A conference on nineteenth-century literature, art, and history to be held at UC Santa Cruz, preceding the Dickens Universe week on Middlemarch. Keynote speakers will be Caroline Arscott (The Courtauld Institute of Art) and Ian Duncan (University of California, Berkeley).
Applicants to this conference are warmly invited – but are not required – to stay for the week on Middlemarch (see below).
All genres of Victorian literature addressed the major questions of social and political reform that characterized the period, as did many art and craft practices, genres of history writing or scholarship, and forms of popular culture. This conference will give us an opportunity to think about the “form” of reform. Current debates about form and formalism in Victorian Studies open the door to this dimension of the word “reform,” and they urge us to re-consider their relation. We also invite historical papers on nineteenth-century reform movements. Ideally, such a broad topic should also suggest meta-critical questions about the period – and periodization: questions addressing the formal dimensions of conceiving our objects of study. If we can make the distinction between historicist criticism and formalist criticism, how can these engage and challenge each other afresh?
Submit a 500-word proposal and a 1-page CV to Carolyn Williams no later than December 15, 2016 (firstname.lastname@example.org). The conference program will be announced in January, 2017. Please address inquiries to Carolyn Williams or to Rae Greiner (email@example.com), Tricia Lootens (firstname.lastname@example.org), or Elsie Michie (email@example.com)
Topics might include:
• Historicism as form
• Form as engagement with history
• Form and genre
• The history of forms
• Forms of history
• Spatial or temporal form
• Form and politics
• Medical reform
• Sanitary reform
• Military reform
• Religious reform
• Educational Reform
• Prison reform
• Civil Service reform
• Abolition movements
• Working class perceptions of the Reform Bills
• Race and reform
• Reform and the Woman Question
• Chartism and Chartist writing
• Intersections between kinds of reform (social and literary e.g.)
• Formal properties of reform rhetoric
• Reform of the self
• Queer reform movements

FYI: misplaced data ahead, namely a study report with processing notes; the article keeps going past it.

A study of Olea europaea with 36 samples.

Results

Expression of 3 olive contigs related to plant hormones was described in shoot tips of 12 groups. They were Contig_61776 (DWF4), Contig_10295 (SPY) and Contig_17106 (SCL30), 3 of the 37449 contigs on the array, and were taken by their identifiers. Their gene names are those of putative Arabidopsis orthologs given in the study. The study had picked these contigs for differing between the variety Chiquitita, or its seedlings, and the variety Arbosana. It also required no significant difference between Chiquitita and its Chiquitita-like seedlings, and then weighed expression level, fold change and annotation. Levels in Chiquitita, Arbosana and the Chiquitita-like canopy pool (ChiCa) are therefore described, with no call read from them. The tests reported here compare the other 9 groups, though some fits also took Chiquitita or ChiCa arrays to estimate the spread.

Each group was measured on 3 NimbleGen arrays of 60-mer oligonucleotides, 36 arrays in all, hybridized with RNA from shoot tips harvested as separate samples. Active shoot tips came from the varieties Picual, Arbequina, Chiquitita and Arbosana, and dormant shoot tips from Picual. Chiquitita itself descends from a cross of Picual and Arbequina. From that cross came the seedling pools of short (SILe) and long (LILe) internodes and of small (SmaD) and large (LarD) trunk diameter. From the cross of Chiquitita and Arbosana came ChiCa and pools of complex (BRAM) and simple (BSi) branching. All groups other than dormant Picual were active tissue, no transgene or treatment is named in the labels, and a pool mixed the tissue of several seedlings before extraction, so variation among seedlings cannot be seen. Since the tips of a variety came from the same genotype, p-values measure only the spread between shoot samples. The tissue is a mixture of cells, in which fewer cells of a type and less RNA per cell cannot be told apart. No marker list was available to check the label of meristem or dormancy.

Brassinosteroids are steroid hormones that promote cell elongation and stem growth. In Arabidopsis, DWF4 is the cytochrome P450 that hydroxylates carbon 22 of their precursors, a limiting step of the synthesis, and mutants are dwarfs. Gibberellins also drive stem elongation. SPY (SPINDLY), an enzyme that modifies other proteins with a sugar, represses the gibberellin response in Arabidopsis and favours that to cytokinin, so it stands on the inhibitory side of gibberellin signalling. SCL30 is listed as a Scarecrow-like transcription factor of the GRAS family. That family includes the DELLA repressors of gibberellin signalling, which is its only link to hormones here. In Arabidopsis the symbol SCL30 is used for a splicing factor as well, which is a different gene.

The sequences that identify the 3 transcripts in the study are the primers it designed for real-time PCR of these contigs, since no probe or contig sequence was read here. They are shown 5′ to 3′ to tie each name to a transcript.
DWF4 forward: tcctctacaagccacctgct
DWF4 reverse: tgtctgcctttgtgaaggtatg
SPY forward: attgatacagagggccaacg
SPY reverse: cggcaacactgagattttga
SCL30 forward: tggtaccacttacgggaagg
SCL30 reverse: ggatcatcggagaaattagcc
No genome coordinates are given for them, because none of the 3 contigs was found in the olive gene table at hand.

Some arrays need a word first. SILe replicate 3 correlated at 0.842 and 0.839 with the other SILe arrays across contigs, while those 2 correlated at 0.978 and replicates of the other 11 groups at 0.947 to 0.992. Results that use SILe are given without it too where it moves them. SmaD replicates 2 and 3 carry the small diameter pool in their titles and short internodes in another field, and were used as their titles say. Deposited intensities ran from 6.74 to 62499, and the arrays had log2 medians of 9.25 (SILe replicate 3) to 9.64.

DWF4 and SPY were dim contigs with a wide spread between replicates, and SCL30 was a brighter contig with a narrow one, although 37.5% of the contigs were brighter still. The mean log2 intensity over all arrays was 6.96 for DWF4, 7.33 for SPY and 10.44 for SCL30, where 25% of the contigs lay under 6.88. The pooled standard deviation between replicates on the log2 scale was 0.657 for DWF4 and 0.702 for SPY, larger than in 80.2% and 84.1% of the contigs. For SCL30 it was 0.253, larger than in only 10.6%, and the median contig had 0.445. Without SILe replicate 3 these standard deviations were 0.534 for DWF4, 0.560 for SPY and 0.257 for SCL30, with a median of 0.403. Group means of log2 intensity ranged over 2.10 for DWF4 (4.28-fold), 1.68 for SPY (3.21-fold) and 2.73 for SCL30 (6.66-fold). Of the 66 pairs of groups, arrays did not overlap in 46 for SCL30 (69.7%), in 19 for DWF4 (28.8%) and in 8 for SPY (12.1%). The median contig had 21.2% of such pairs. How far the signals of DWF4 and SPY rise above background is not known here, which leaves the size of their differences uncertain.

• Form and realist fiction
• Poetic forms, forms of poetics
• Musical forms
• Theatrical forms
• Visual forms
• Form as mess rather than order
• Reformulations of “Victorian Studies”
• Revitalizing critical methods
• Past and present forms of academic labor
• Current reform in our professional field
• Current reforms of the University
Participants in the conference are also cordially invited to spend the week following the conference in the redwoods of central California at the annual gathering of the Dickens Universe, an international research group devoted to the study of the novels of Charles Dickens, Victorian literature and culture. The Dickens Universe’s study of Middlemarch begins on July 30 and concludes on August 5. Confirmed speakers for the week include Dan Bivona, Jill Galvan, David Kurnick, Jos Lavery, George Levine, Ruth Livesey, Helena Michie, and Summer Star. Other speakers will be announced.
Conference participants who wish to stay on for the week will have the opportunity either to meet in a working group organized around the theme of “Form and Reform,” or to meet with the Nineteenth-Century Seminar, a working group for discussion of individual work-in-progress. In other words, all scholars may use the week as an opportunity for extended discussion and scholarly exchange. For more information about the Dickens Universe, as well as the Nineteenth-Century Seminar and other working groups, please feel free to consult the Dickens Project website (http://dickens.ucsc.edu/universe/) or contact one of the conference organizers.
For the purposes of planning the working groups, please indicate on your proposal if you are interested in staying on for the week of the Dickens Universe to participate in one of the working groups.